Goodbye e-tolls — for real this time

The Gauteng Provincial Government will begin the formal process of switching off and de-linking e-tolls on 31 March 2024.

This is according to Gauteng Premier Panyaza Lesufi, who once again promised that e-tolls would soon be history during his 2024 State of the Province address.

“We have now reached a stage where we all accept that the people of Gauteng have rejected e-tolls,” said Lesufi.

“We held a meeting with the minister of finance. We held a meeting with the minister of transport.”

“All of us now have reached an agreement that by the 31st of March this year, the formal process to switch off and de-link e-tolls will begin, and e-tolls will be history,” he added.

The premier said Finance Minister Enoch Godongwana would elaborate on the subject further in his budget speech on Wednesday.

However, this isn’t the first time Lesufi has made such promises. He also declared the e-toll system a thing of the past in October 2022.

He made the initial announcement shortly after Godongwana’s 2022 Medium Term Budget Policy Statement, revealing that the national and provincial governments would pay off Sanral’s debt on the Gauteng Freeway Improvement Project (GFIP).

The e-toll system was a mechanism intended to fund the GFIP. However, Gauteng residents rejected the system, resulting in Sanral accumulating tens of billions of rand in debt from the scheme.

“To resolve the funding impasse, the Gauteng provincial government has agreed to contribute 30% to settling Sanral’s debt and interest obligations, while national government covers 70%,” Godongwana said nearly two years ago.

Lesufi said the Gauteng provincial government had agreed to formulate a new revenue enhancement model that excludes tolling motorists.

Gauteng Premier Panyaza Lesufi

“We are now ready to start a new life without e-tolls in Gauteng,” Lesufi said. “This was not an easy decision, but necessary.”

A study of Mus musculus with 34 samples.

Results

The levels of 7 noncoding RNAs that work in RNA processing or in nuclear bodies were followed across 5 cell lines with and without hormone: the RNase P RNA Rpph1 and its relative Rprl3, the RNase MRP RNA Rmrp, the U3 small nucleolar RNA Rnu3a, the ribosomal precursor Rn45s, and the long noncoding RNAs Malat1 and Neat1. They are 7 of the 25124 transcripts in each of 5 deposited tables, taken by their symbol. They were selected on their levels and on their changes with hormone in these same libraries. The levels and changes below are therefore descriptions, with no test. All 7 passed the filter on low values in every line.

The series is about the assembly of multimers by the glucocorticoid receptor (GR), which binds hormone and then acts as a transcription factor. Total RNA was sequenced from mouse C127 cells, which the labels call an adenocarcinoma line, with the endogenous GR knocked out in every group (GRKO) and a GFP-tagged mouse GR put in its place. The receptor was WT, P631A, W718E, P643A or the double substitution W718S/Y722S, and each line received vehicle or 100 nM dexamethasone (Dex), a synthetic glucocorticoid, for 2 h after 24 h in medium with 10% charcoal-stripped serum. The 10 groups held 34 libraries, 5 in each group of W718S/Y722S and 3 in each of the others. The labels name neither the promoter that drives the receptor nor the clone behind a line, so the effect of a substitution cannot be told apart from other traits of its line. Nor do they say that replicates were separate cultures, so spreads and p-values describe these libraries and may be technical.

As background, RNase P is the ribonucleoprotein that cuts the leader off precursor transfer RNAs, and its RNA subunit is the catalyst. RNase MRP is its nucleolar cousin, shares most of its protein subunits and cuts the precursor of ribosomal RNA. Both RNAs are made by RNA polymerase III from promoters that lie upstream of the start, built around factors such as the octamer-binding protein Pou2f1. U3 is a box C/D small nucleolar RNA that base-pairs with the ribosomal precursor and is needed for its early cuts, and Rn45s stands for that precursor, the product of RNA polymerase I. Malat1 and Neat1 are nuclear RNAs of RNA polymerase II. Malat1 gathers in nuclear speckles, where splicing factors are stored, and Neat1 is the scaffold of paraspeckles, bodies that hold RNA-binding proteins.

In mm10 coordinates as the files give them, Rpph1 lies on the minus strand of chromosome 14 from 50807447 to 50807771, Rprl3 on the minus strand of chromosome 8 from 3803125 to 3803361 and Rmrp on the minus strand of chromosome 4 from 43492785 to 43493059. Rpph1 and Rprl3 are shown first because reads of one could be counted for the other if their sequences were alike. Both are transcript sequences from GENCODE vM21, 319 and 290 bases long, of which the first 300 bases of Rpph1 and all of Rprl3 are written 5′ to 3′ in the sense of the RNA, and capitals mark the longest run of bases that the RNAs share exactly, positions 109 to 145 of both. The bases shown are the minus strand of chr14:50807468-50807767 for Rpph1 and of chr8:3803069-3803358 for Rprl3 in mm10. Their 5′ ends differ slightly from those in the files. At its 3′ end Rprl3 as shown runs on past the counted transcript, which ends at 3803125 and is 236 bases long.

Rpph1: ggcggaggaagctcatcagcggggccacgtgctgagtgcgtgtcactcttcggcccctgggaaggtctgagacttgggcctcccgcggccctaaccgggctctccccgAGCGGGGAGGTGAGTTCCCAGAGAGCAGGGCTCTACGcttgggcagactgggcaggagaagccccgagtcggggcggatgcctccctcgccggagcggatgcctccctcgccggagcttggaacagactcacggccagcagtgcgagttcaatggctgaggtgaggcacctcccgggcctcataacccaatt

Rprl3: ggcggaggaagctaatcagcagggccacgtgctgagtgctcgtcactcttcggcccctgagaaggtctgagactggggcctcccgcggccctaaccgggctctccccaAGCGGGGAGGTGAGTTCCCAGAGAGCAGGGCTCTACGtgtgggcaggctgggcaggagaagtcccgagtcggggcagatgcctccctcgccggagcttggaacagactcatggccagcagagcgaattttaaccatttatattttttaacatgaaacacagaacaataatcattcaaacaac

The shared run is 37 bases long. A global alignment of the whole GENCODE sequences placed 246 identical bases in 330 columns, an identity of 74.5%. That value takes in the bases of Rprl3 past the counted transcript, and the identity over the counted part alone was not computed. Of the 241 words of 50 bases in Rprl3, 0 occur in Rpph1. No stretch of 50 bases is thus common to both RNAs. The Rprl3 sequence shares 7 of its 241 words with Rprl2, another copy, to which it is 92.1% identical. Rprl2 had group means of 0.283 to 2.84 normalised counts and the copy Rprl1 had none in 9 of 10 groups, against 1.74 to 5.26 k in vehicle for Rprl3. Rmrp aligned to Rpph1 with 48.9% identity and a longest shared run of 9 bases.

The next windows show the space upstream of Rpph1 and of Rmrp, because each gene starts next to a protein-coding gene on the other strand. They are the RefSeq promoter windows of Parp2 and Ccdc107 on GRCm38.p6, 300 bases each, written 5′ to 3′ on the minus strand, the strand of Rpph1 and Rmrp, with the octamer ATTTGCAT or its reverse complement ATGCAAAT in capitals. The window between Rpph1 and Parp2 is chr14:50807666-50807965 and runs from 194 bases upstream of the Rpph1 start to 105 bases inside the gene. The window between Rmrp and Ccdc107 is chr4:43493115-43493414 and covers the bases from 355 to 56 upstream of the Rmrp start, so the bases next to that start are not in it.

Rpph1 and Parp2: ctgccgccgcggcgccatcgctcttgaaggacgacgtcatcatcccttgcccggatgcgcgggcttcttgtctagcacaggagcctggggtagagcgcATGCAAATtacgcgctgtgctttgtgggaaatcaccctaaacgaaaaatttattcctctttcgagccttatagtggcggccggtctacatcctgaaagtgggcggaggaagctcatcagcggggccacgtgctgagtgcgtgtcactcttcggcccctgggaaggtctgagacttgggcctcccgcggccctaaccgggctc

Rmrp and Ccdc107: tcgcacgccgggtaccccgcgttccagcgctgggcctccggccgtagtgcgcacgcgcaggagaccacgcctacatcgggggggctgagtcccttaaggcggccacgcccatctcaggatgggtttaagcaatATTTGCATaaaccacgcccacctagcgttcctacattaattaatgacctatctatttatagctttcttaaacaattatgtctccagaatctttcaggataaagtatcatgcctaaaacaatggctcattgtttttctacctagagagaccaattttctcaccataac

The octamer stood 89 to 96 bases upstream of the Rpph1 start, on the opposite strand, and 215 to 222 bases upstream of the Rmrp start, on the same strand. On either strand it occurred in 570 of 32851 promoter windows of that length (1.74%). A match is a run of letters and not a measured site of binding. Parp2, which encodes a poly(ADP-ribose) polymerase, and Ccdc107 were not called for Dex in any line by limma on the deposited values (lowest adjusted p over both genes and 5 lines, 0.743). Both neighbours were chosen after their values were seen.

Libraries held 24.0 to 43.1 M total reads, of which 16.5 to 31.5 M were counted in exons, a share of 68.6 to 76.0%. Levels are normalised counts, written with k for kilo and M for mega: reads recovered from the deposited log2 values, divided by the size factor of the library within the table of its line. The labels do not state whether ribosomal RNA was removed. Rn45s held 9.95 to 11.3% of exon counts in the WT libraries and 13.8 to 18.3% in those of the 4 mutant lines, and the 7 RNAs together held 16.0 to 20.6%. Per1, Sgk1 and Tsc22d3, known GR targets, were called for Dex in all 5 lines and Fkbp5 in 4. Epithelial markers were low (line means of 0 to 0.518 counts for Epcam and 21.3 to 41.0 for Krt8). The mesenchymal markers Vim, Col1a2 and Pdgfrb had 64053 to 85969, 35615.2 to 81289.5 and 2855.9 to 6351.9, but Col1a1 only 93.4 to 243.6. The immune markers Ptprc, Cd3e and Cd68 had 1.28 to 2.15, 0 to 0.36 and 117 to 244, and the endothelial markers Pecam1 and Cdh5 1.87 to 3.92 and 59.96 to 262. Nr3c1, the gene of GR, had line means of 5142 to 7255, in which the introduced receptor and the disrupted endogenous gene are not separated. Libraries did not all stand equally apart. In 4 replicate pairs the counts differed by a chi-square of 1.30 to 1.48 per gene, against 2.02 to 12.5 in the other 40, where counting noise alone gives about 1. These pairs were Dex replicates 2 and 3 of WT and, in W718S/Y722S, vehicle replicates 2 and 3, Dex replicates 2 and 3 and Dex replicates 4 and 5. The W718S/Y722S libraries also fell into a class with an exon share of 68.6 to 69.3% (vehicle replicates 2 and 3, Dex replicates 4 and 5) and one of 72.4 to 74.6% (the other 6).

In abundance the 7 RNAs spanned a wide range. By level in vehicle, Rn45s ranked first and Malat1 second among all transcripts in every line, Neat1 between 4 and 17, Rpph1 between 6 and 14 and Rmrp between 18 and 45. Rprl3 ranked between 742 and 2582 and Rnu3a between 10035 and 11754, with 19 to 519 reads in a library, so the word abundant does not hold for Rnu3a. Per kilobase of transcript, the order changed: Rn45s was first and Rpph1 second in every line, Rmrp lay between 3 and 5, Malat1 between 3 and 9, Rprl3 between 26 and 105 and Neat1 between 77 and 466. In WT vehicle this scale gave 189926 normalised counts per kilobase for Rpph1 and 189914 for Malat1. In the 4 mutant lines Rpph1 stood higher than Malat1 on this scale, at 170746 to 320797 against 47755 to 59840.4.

At the time, the premier said that the way forward concerning people who had already paid for e-tolls would be up to Sanral.

The Organisation Undoing Tax Abuse (Outa) praised the decision to scrap e-tolls in a statement following the announcement.

Originally called the Opposition Against Urban Tolling Alliance, Outa was a significant driver behind the civil disobedience against the e-toll since its introduction in December 2013.

The organisation was founded in the year prior in anticipation of e-tolls coming into effect and immediately started resisting the scheme.

“After a decade of defiance, seven transport ministers and billions in uncollectable debt, government has finally acknowledged the end of e-tolls,” the organisation said in its statement.

In January 2023, Lesufi announced that Gauteng motorists who paid their e-toll bills would be refunded before backtracking on this towards the end of the year.

“There is a clear decision now that we need to refund people — some form of refund,” said Lesufi.

He also stated that R6.9 billion must be refunded, adding that Gauteng must still decide whether refunds will be cash or a credit that may be used to pay other road tolls.